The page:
This one isn’t on the list, but it’s such a popular girl’s name that I have to try!
Well, we’ll go to the English martyrs again. There’s no Hailey, Haley, or Halley, but there is Father John Haile, who was martyred on May 4, 1535. I’m pretty sure that’s all part of the Hale/Hall surname group, so hopefully Father Haile will look after the Haileys of this world.
I’ll do a quick rundown on some other popular girls’ names:
Kaitlyn and Caitlin are really forms of Kathleen (St. Catherine).
Madeline is St. Mary Magdalene (the French is Madeleine).
Kaylee is a bit more problematic. Ceilidh is just the Irish for “party”. But if you take the name as literally meaning Kay + Lee, Kay is another form of Catherine. Ditto for Kayla.
Kylie… that I can’t find anything for. Unless you count it as standing for the Kyles of Bute, in which case you can pick among such popular Bute saints as Ss. Brendan, Ronan, Michael, and Cathan.
(UPDATE: Kylie is an aboriginal Australian synonym for “boomerang”. However, I do have some info on saints’ names that go with Kyle.)
Naming children with surnames instead of Christian names is in general problematic; you end up having to give them a middle name for a Christian name. Unless you can find some handy English martyrs with the right last names, I guess. (I like presidents as much as anyone, but I still don’t get the thing with Taylor and Tyler. You’re naming your kids “a person who sews up men’s clothes” and “a person who lays tiles”.) The patron saint of tailors is St. Homobonus Tucenghi, a medieval merchant known for his cheerfulness and virtue among the good people of Cremona, who petitioned for his canonization after his death (feastday: Nov. 13). The patron saint of all members of the building trade, including tilers, is St. Stephen, the first martyr.
“Riley” is proclaiming your kid a descendant of Raghallach. If she were a descendant of Raghallach, her family patron saint would be St. Maedoc, but it seems a bit hard to go that far from a baptismal name! A Mackenzie is at least associating herself with St. Kenneth in a more direct way. Morgans go under the martyred Welsh priest Venerable Edward Morgan, who was hassled about being too cheerful on the Tyburn scaffold. The martyr replied, “Why should anyone be offended at my going to heaven cheerfully? For God loves a cheerful giver.”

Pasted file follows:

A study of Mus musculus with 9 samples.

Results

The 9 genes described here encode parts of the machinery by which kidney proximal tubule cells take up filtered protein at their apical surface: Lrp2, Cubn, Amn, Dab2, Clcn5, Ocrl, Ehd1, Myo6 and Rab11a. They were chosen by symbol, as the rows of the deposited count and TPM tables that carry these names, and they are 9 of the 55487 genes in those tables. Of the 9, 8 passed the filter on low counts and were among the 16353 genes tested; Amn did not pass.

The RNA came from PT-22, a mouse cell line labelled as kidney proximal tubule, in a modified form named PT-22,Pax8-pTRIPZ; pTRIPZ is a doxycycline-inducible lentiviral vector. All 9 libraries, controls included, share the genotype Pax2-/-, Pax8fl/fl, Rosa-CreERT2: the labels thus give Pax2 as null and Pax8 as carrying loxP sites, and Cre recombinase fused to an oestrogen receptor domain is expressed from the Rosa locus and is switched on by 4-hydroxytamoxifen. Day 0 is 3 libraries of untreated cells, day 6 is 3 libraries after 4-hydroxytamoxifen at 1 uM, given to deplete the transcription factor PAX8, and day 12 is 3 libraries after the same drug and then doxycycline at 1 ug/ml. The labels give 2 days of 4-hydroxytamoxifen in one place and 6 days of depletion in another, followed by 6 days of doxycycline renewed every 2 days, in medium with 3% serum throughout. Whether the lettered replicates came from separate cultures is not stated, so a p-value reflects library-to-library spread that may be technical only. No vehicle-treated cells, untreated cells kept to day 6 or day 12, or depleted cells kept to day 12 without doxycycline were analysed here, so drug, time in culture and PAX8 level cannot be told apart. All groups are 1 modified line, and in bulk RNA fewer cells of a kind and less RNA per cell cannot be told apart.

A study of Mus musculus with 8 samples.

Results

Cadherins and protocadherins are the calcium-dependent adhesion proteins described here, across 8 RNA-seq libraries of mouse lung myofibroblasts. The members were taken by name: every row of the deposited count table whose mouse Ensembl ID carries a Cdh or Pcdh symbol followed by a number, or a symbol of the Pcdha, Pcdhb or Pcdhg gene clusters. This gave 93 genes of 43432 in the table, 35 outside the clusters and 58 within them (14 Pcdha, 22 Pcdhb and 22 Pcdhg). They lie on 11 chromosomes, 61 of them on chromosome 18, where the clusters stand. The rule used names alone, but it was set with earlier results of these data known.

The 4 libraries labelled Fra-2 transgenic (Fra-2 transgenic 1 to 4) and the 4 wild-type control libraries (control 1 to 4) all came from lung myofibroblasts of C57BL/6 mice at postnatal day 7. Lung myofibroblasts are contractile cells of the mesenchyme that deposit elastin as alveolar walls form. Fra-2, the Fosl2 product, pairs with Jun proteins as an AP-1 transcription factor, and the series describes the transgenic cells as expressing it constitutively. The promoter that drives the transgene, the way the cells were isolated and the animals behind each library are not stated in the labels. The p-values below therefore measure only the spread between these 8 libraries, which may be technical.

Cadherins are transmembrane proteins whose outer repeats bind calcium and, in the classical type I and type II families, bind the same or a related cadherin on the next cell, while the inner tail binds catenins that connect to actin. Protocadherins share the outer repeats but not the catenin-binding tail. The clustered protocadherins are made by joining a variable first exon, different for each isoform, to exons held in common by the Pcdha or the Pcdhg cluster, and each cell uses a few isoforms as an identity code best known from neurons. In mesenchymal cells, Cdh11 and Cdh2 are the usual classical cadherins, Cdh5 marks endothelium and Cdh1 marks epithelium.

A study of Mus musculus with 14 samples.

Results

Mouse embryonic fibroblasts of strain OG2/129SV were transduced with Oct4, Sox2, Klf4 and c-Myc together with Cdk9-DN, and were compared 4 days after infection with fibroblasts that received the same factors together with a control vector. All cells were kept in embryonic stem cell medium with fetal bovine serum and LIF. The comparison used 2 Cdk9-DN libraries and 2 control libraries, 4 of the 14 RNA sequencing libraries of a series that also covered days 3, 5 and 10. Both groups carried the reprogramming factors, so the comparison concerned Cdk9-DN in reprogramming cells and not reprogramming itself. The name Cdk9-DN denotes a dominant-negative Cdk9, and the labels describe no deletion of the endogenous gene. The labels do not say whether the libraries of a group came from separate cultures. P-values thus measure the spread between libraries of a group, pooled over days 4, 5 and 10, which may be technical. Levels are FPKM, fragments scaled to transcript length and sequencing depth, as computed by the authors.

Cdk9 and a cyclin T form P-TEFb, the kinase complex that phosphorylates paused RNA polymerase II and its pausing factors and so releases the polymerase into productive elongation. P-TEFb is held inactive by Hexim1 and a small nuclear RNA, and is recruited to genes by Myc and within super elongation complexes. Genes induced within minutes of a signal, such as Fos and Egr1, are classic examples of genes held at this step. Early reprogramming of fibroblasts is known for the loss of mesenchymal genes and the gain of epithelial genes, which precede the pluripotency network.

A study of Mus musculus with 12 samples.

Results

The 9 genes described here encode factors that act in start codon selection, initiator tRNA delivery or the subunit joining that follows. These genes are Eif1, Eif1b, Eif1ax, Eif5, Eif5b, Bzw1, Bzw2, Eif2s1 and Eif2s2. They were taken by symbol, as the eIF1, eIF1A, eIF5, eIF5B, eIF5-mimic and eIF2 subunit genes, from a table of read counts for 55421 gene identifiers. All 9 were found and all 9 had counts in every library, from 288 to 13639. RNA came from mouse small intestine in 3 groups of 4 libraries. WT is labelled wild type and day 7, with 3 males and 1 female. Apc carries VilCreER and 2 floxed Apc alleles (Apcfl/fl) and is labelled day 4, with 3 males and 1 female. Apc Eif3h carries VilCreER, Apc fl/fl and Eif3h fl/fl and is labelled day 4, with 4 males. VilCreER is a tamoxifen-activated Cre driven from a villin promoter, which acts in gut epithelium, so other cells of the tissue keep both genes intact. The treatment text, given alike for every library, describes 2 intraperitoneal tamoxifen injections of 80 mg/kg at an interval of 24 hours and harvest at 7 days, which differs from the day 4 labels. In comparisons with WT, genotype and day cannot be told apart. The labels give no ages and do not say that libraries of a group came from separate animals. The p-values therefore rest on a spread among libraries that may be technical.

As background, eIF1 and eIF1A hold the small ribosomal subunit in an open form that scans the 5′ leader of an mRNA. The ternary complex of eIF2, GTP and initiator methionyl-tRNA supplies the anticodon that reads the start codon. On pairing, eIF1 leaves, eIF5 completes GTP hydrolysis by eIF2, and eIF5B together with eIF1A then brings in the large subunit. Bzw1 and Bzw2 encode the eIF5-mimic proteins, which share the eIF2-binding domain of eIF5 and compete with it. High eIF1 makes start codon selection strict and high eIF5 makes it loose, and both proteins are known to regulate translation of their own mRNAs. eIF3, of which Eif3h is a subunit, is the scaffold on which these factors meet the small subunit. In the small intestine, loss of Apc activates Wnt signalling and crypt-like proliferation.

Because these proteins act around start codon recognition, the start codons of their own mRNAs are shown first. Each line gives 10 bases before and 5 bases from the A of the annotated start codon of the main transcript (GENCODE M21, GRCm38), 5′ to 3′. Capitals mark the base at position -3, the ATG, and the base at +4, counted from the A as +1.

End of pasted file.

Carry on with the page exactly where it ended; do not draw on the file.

Alyssa, Alicia, Alison, and Alice ultimately come from Adelaide, and there’s a couple different St. Adelaides (one a Holy Roman Empire one), as well as a St. Alix. There are a couple of different Ss. Alexis, though I hate to break it to you — Alexis throughout history was a male name! Not until Dynasty came out did that change.
Grace and Sophia are virtue names, and Zoe and Chloe are both ancient and venerable saints’ names for Christians.
Megan is a Welsh diminutive of Margaret.
Jordans are looked after by Blessed Jordan of Saxony (another man’s name!).
Laurens are covered by the numerous St. Lauras: a widowed abbess martyred by the Moors in boiling lead in Spain, a Italian martyr from Roman times, and a couple of South American religious.
Briannas are under Blessed Brian Lacey, one of the London Martyrs of 1591.
(UPDATE: There is a St. Brienna! (Bryene or Bruene in Greek, but Brienne or Briena or Brienna in Latin.) Her feast day is June 15, and she is listed as being an abbess in Sivapolis/Sibapolis, close to Nisibis. Despite her advanced age, she was on fire for martyrdom and longed to follow her niece St. Febronia’s example of martyrdom, but she ended up dying of natural causes two years later. So her name doesn’t derive from Brian at all, but she’s a great patron saint if you don’t want a guy as patron.)
Btw, there is a St. Bailey — Venerable Lawrence Bailey, who was executed in Lancaster on Sept. 16, 1605. And for those romance novelists among us who insist on naming their brainchildren “Tempest”, the Jesuit Nicholas Tempest was sent to the scaffold. (But I’m not clear on his official status.)
And for Amy — Hercules Welborn was sent to prison and put in chains.